This essay will cover the eastern insights and comprehension about Dante’s Inferno and concisely discuss its historical and philosophical significance. My main points will surround the rationality of human’s wants in the term of metaphysical and practical ethics.First of all, there is clear difference between eastern and western images of hell. Here, we get another special inferno scroll from Dante. In Chinese mythology, those who indulge into their emotions and desires would get punishments in hell. That includes seven kinds of emotions and six sorts of desires.
Among universal western beliefs, there are seven sins which will be sentenced to hell. Dante, however, create a new afterlife world. Humans’ sins were classified into three catalogs, lust, pride and avarice, which was represented by three beasts respectively. If we think Chinese definition and judgement about sins were influenced by the communication of Buddhism, then the existence of seven sins might be impacted by Christianity to some extent.
Differing from these two mentioned above, Dante used primitive and wild symbol, beast, to imply human’s pure sins. As one of the pioneers of renaissance, Dante aimed at freeing human’s desire. The shrink of sins should be one plot of it. At that ages, churches constrained and controlled people’s mind to solidify the government on purpose, which caused the entire society’s rot and gloom. Compared to Buddhism’s elimination of humanity and Christianity’s asceticism, there is no doubt that Dante’s work had loosen these shackles.
Additionally, the decrease of sins does not mean people will not pay for the expense of committing sins. Harsher the punishment will they suffer. Though Dante’s effort might still be limited by his worship to Catholicism, his new explanation of human’s real wants is definitely a breakthrough.
Moving on to the angle of ethics, Dante’s attitude towards the right and the wrong, the good and the evil indeed explored a new land. In Chinese ancient proverb, the most valuable virtue is offering to admit and correct our mistakes, which is more significant than benevolence. Dante’s inferno apparently is not the same as what we knew.
There is not Cerberus, the gate guardian, indicating the hell is a piece of free-entering land. Under the guide of Virgil, souls Dante encountered were being tortured for their sins and striving to get salvation. These spirits still had chances to confess heart voices. In contrast, eastern mythology usually state that there is one bridge which spirits must pass through and drink the soup offered by a goddess who guards the bridge. Once drinking the soup, the spirit will become like a blank slate.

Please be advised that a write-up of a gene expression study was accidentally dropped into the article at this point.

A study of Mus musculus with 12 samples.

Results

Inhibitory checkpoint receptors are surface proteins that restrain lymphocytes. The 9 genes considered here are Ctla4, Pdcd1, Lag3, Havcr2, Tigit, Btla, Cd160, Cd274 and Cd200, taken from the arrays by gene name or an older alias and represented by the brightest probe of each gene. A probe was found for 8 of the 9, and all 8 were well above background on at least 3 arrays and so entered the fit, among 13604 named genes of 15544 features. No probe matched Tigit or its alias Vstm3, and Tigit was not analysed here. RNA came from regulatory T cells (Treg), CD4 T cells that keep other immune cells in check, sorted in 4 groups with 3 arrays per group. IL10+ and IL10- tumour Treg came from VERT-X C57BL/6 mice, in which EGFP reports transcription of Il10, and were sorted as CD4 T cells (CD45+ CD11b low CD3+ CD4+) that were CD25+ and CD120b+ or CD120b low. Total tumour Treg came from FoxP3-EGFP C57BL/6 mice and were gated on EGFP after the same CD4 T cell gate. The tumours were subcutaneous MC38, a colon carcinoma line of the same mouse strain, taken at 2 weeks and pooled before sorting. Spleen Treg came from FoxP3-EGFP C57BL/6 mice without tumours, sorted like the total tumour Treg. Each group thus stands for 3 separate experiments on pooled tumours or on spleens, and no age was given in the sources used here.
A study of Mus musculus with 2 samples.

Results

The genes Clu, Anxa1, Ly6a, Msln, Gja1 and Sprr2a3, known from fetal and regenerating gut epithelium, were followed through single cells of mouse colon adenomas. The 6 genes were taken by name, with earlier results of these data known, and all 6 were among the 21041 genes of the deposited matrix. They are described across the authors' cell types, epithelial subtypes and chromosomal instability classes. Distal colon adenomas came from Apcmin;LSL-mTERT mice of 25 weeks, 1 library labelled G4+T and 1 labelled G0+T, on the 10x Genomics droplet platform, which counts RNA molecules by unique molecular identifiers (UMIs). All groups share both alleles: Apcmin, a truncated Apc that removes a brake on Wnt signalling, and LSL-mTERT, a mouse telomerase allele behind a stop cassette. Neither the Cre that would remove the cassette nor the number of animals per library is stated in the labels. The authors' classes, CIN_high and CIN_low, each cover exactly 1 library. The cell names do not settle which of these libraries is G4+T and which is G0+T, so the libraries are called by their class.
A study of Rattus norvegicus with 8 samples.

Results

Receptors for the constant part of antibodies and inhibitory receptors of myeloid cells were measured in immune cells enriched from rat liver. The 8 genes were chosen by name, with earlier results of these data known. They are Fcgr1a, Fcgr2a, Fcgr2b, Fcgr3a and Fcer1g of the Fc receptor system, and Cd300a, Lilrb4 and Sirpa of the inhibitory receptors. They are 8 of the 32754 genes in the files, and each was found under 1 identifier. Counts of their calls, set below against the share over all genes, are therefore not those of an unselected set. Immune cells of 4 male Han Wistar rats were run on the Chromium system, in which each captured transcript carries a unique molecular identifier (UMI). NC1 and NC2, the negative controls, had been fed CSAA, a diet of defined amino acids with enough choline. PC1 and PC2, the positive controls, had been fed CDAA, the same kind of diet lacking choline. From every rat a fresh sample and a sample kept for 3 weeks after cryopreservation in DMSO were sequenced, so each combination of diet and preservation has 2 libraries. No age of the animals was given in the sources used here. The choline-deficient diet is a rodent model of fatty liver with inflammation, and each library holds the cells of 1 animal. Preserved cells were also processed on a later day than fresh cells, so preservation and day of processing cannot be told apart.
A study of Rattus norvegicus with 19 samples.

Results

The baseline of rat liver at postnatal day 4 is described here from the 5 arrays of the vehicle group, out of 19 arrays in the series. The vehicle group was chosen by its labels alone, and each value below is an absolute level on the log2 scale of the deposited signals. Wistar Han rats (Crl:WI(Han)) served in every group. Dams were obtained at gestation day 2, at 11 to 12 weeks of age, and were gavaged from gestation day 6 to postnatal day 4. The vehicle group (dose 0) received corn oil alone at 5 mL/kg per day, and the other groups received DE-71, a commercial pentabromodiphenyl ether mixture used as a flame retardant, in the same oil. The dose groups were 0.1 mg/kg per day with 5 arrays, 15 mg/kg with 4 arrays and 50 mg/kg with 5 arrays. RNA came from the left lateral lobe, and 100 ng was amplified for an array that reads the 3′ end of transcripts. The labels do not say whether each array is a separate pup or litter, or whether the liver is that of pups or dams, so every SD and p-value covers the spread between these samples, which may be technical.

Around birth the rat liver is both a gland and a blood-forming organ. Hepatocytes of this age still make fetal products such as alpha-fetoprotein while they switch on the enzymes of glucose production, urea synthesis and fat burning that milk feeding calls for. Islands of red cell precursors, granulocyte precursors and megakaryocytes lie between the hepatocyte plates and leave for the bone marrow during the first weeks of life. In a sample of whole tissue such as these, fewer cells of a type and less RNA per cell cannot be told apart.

They only obey the commands to repent and repay what they committed. In this case, Inferno’s residence appears fortunate. They still own what they experienced, their regrets, felicity, and sorrows. They were suffering from these memory. Meanwhile, they cherished what they owned and waited for the spiritual rebirth. The preservation of humanity gave those ghosts living human’s emotions. For instance, the love between Lancelot and Guinevere was regarded as disloyalty and betrayal. Dante’s conversation with them, however, showed another kind of scenario that their love have not changed slightly even after death.
What Dante genuinely wanted to express, I think, is accepting human’s nature. He gave each character the chance to satisfy their wants, then let them repent and correct their faults. It was not churches’ so-called ideal world which should be free of evil, but the good and the evil’s co-current existing .
This rebellion towards churches suggested the sprout of new ethics. If we see Dante’s Inferno as an exaggerated truth of material world, then those horrible punishment, those disinhibit wants, and the new view of hell must have its prototype. That might be the churches’ brainwash, people’s will to pursue felicity, and the new society which Dante was looking forward to. It sure was not realistic at that time to smash everything and reset it.
However, big progress indeed was made by those scholars and artists, including Dante, during the period of renaissance.